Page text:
Two geographic features dominate the panoramic view of Kamloops, taken in 1910 (top photo) and in the bottom image, taken in the spring of 2023. They are Mount Paul and the Thompson Rivers.
The mountain, with its two prominent domes that loom over the city at the confluence of the North and South Thompson Rivers, is commonly referred to as Mount Paul. However, the higher of the two summits is Peter Peak, recorded as 1,080 metres above sea level. The more westerly dome, Paul Peak, is only 830 metres high.
So, when most people point to the summit of what they call Mount Paul, they are actually identifying the top of what should more properly be called Mount Peter. That’s the technical nomenclature as I understand it, but local common use of names often trumps official geographic designations.
While one can only imagine that it was some unknown religious pioneer cleric who named the two prominent local peaks after a couple of biblical apostles, the provenance of the name of the river passing through Kamloops is well documented.
The Thompson River was named by fur treader and explorer Simon Fraser for his friend and colleague, master surveyor and map maker extraordinaire, David Thompson.
On his daring dash down the river that now bears his name, Fraser erroneously thought the major river that joined the Fraser near the present day community of Lytton was the same one Thompson had recently discovered and was actively exploring and mapping its upper reaches.
That other river came to be known as the Columba River, whose drainage system was not part of the vast Thompson River system. Ultimately, the Columbia River system proved to be more extensive and more important financially than the Thompson system.
It is ironic that Thompson, the man who explored, surveyed and accurately mapped more of North America than any other explorer on this continent (some 4.9 million-square-kilometres), had his name attached erroneously to a river he did not discover, nor was it part of the 90,000 kilometre distance he covered in his explorations on foot, by horse and in a canoe.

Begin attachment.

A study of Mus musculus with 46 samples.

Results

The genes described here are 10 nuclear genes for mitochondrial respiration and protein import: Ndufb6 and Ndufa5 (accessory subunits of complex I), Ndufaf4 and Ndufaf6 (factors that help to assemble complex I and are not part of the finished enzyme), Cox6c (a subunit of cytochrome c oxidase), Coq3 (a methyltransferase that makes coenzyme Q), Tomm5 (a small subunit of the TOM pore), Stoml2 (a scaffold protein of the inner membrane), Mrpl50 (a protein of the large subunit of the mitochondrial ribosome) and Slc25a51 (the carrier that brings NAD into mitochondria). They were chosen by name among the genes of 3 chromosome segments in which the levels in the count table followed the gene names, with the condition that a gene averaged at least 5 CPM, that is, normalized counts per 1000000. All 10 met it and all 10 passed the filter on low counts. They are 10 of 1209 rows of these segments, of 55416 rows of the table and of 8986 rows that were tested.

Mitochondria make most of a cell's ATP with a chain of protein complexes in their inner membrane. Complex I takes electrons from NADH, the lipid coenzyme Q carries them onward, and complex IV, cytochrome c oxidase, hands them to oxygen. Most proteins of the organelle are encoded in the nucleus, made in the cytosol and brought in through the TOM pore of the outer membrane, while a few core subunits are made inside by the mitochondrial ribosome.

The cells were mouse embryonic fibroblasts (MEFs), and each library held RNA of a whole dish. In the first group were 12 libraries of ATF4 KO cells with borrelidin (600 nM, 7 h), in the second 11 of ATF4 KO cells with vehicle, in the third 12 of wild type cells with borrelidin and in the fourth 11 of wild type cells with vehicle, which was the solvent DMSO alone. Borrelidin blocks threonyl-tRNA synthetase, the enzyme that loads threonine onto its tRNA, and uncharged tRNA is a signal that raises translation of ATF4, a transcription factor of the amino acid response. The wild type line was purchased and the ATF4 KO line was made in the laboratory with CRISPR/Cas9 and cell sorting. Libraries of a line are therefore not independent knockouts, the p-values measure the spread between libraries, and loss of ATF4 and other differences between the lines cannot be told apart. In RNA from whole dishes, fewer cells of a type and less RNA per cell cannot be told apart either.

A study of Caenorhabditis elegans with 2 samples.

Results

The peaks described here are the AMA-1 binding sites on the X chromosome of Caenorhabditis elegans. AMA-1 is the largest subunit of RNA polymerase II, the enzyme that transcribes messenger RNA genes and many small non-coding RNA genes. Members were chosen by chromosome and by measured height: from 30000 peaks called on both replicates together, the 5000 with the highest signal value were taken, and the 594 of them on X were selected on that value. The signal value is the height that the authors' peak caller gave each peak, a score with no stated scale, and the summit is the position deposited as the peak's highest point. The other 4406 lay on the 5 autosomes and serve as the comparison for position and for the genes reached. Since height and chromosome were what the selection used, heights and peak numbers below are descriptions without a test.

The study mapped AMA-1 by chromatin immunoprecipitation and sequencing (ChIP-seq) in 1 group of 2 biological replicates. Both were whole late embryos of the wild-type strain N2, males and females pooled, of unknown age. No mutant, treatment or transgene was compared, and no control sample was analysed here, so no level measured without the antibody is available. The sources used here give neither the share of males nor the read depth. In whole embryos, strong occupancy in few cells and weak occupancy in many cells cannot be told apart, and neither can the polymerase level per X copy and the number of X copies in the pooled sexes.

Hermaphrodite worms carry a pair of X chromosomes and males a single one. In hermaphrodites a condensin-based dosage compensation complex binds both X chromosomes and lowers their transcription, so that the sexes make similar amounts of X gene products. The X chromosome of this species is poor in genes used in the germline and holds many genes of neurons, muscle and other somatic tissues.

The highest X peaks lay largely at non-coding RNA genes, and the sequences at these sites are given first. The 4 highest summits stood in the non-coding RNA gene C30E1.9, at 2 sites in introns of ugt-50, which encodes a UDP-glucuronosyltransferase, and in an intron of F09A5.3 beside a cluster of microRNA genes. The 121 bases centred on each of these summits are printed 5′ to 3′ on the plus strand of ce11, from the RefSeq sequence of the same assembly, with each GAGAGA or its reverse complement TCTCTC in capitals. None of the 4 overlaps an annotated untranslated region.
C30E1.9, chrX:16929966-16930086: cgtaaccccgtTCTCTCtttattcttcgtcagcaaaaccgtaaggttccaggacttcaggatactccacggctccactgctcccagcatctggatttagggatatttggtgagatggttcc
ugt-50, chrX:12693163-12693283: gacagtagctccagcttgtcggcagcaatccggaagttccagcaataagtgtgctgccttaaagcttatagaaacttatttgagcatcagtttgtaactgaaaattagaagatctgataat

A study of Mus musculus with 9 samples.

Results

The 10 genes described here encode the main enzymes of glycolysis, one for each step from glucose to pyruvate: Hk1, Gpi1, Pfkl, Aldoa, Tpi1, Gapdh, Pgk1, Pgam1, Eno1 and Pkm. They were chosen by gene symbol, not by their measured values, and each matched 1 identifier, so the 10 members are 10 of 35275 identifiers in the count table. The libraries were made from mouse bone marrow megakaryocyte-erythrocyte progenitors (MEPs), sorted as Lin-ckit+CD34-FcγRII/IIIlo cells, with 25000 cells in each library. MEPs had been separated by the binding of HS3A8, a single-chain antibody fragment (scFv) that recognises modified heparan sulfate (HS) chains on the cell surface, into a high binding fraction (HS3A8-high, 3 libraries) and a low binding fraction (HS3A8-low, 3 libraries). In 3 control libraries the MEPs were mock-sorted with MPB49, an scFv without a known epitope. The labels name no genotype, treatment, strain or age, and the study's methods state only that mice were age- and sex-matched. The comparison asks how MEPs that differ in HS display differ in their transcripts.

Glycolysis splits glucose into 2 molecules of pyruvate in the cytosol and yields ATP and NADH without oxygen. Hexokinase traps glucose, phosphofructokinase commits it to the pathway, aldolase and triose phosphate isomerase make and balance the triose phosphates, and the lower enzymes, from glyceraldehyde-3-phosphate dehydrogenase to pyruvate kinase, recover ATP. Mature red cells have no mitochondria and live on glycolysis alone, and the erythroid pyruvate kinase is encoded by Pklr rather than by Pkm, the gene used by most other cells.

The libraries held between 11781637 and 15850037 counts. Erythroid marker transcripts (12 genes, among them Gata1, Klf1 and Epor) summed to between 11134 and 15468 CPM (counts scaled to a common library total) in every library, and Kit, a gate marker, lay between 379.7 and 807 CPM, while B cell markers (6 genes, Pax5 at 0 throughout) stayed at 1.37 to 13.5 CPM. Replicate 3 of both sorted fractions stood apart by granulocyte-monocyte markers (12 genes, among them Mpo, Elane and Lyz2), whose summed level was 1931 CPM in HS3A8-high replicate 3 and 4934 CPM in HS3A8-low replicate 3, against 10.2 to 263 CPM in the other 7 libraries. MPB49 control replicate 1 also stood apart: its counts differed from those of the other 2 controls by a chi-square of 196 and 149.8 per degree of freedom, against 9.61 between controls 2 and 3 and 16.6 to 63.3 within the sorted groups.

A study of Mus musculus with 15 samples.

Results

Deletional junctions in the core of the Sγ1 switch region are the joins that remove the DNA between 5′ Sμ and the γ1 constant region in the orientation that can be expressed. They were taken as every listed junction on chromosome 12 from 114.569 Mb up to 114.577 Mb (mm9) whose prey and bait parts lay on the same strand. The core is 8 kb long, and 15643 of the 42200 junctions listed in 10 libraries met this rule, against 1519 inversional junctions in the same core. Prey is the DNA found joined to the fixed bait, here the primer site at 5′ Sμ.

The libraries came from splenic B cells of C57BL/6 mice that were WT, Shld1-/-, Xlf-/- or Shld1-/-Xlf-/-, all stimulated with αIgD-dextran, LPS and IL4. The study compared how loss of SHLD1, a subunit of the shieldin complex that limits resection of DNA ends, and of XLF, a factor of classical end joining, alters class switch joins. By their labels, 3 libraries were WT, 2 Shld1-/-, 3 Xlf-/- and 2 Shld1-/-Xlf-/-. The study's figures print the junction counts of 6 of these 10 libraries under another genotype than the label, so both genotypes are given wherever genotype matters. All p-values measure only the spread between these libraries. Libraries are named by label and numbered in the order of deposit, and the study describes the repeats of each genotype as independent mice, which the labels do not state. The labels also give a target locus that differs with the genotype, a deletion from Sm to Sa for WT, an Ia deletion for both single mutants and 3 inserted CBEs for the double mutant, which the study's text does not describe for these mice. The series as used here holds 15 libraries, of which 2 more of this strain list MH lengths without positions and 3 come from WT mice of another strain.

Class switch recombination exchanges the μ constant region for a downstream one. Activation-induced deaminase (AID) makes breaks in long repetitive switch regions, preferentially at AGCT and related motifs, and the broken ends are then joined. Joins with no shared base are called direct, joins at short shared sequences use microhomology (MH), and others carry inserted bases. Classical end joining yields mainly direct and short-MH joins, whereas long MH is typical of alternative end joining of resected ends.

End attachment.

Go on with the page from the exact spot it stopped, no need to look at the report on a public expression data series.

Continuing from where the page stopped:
Here are some additional items to take note of in the two photo images:
HH—There may be others, but the feature labeled “HH” on both photos is clearly a heritage home or building that has been re-finished on the exterior but has retained its original structure and shape.
WW—The original Woodwards building, located at the intersection of Victoria Street West and First Avenue, was reincarnated as the B.C. Lottery Corporation headquarters in the modern photo and labeled “LC” in that image.
There are probably many other interesting features visible in these photos that Kamloops residents will be able to point out. So, if you are familiar with the area and notice something that catches your eye, please email me your observations or corrections if I made any serious errors.
It can be tricky identifying and labelling streets, especially on archival photos, as roads can shift considerably—or even disappear completely in a blink of an historical eye.
This article is written by or on behalf of an outsourced columnist and does not necessarily reflect the views of Castanet.